From entering fashion in 2012 with a cult-favorite streetwear brand, through to heading the artistic direction of Louis Vuitton’s menswear from 2018 until his untimely death in 2021, Virgil Abloh’s cultural impact will be felt for years to come. Here’s why, ahead.
The latter would become the fire that fueled Abloh’s desire to pursue fashion. By 2009, he had scored an internship at Fendi alongside Kanye West, sparking an ongoing partnership wherein Abloh would later become creative director of West’s agency Donda.
The end of Pyrex immediately marked the birth of Off-White, Abloh’s Milan-based fashion house known for merging streetwear with luxury seamlessly. The brand had launched its womenswear line and joined the official Paris Fashion Week calendar by 2014, and quickly became a celebrity favorite.
The influx of collaborative launches between Abloh, Off-White, and a number of household name brands, including Warby Parker, Jimmy Choo, IKEA, and McDonald’s were a testament to his reach. However, it was an ongoing Nike collaboration that remains most notable.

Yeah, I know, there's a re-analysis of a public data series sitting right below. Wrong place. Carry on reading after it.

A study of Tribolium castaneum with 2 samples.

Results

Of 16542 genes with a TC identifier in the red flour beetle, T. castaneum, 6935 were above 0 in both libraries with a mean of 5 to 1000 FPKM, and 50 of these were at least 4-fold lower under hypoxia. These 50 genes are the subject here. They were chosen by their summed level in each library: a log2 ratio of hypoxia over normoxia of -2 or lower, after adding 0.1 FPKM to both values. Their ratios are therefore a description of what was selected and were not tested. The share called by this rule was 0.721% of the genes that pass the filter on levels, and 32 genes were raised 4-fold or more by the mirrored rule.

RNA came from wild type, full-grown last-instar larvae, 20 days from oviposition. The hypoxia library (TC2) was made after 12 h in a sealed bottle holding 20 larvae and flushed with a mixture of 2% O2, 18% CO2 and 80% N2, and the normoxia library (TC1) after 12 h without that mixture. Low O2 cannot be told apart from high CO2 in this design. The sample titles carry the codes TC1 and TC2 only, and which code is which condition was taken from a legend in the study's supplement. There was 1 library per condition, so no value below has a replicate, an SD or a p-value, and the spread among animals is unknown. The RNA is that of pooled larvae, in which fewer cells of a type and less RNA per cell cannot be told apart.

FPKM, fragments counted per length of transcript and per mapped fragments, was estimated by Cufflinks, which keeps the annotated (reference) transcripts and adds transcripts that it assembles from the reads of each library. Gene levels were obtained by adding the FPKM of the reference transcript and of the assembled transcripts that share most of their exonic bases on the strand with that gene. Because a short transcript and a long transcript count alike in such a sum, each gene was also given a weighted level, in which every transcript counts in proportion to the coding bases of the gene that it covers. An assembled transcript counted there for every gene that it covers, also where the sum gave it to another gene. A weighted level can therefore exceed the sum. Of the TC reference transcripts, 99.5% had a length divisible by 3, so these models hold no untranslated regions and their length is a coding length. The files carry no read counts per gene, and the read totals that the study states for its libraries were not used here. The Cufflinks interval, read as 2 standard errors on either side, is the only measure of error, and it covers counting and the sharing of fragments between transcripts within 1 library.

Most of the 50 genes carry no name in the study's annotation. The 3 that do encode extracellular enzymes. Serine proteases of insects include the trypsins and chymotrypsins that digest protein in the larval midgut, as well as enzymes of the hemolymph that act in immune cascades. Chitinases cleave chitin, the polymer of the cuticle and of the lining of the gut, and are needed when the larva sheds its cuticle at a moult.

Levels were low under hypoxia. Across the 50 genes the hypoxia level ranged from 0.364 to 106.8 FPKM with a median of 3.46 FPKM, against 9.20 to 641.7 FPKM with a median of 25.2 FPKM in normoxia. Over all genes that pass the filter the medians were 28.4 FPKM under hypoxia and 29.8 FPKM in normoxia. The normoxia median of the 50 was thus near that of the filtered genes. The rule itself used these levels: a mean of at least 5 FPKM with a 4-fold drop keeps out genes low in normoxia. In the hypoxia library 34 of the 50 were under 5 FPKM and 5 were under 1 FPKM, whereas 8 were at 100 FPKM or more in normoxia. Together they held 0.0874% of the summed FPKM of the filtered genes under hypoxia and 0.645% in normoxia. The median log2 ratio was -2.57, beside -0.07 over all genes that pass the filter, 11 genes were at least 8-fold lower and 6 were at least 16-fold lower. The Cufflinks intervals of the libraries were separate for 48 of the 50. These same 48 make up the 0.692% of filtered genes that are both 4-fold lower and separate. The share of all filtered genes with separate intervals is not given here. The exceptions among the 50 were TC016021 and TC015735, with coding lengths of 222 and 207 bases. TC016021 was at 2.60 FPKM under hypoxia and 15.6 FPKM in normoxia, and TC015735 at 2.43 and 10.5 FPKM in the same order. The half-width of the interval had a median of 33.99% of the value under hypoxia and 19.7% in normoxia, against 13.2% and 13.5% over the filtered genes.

Abloh’s partnership with Nike initiated in 2017 with “The Ten,” wherein the designer reimagined ten iconic sneaker styles, many now bearing his signature zip-tie tag. The collaboration remains ongoing following Abloh’s passing, with his shoe designs currently on resale market for thousands of dollars.
Abloh’s wide-spanning work earned him due recognition, including Grammy and LVMH Prize nominations, as well as winning awards from the British Fashion Awards and GQ. Meanwhile, Time named Abloh one of the 100 most influential people in the world in 2018.
Tributes following Abloh’s untimely death prove he was regarded for far more than his designing talents. Instead, the true impact lies in the efforts the designer made to leave behind an industry that was kinder and more inclusive than when he arrived.